Samantha’s school backpack got so heavy last year that I promised her a rolling one for the new school year. This model from Pottery Barn Teen fit the bill – on sale, nice quality, good looking.
It just needed a label, a patch, a monogram or something to make it hers and make it easy to identify in case more than one of these shows up at school. We could have ordered it with a machine-embroidered monogram or name, but making your own allows you to come up with something completely unique. It gives you the satisfaction of taking a mass-produced product and making it more personal with something of a handcrafted feel without having to resort to anything as drastic and time-consuming as sewing your own backpack. That’s a good thing in my book.
I don’t know about you, but I find it’s the little details of a product that I get excited about. I remember our old Audi A4 had the coolest little oval Audi insignias on either side of the car. I loved those things; I wish I could have figured out how to get them off when it came time to donate that car to charity. This patch reminds me of those little pieces of car jewelry. It makes the whole backpack better.
I knew I didn’t want to embroider the monogram directly onto the backpack, so my first order of business was to determine a material to use as a patch. As I looked at the backpack I remembered that I had some heavy, coated Cordura nylon (find it here) in black left over from the bag shown in this post. The perfect solution. It’s so stable and easy to cut (even into a circle!) that I’m going to order more in white so I can create additional embroidered patches and badges.
Once you’ve determined the backing for your embroidery, you might be tempted to jump right to your monogram like I did. The correct thing to do first, however, is to determine the shape and size of your patch. I used a glass to trace a circle on my nylon, then cut it out, and tried it on the backpack. Once you have the shape and size patch that will work for your project, you can work out the design of your embroidery.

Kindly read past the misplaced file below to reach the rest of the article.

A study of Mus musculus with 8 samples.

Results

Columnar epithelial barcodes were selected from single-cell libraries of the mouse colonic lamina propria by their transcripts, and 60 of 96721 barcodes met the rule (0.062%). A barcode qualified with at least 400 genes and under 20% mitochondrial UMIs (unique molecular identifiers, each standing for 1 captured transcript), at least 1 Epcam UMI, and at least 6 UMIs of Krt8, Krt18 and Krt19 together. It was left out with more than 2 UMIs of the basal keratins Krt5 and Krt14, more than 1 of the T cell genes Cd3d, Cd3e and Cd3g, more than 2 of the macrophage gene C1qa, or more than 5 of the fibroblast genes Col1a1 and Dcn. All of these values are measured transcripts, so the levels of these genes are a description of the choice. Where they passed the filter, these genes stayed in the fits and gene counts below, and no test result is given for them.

I didn’t bother to use transfer sheets for this project. I just took a lined piece of paper, my glass, a pen and a ruler and traced another circle on the paper. Then I used the ruler to help me line up sketches of my two initials inside the circle. I cut the initials out and used a chalk pencil to trace around my paper cut-out initials directly onto my nylon – a larger piece than the test circle I already cut out. You need a piece that will fit in your embroidery hoop.
For the stitching I used a technique I’d seen in Todd Oldham’s Kid Made Modern All About Embroidery book. (I recommend this book for the young and old; I found my copy at Target in the art supply section when his line first came out.) What you see above are two lines of blanket stitching, lined up one right on top of the other. This creates a webbed or netted effect; I like the way it works with the black mesh parts of the backpack. I used a backstitch to close any remaining open edges of the blanket stitch. Three strands of cotton embroidery floss in my needle worked well.
There is another way you can create a monogrammed patch without embroidering it yourself. Fabric stores carry iron-on embroidered initials like the one shown below. You’ll still need to finish the edge of your nylon, even if you use an iron-on fusible material to attach it to your project. The coated nylon doesn’t really fray, but it won’t look finished without some kind of stitching around the edge. Anyway, it’s an option, and it’s always nice to have options.
Once you finish embroidering your monogram, you can cut out your patch. I used the same glass to trace my circle and cut it out with fabric shears.
To attach my patch to the backpack, I tacked it in place with two pieces of tape and embroidered a blanket stitch around the edge. Because I didn’t use any adhesive, we’ll be able to remove the patch (we’ll have to cut the outer edge of blanket stitching) when it is time to move the backpack out of the household … but I’m counting on this backpack lasting a nice long time.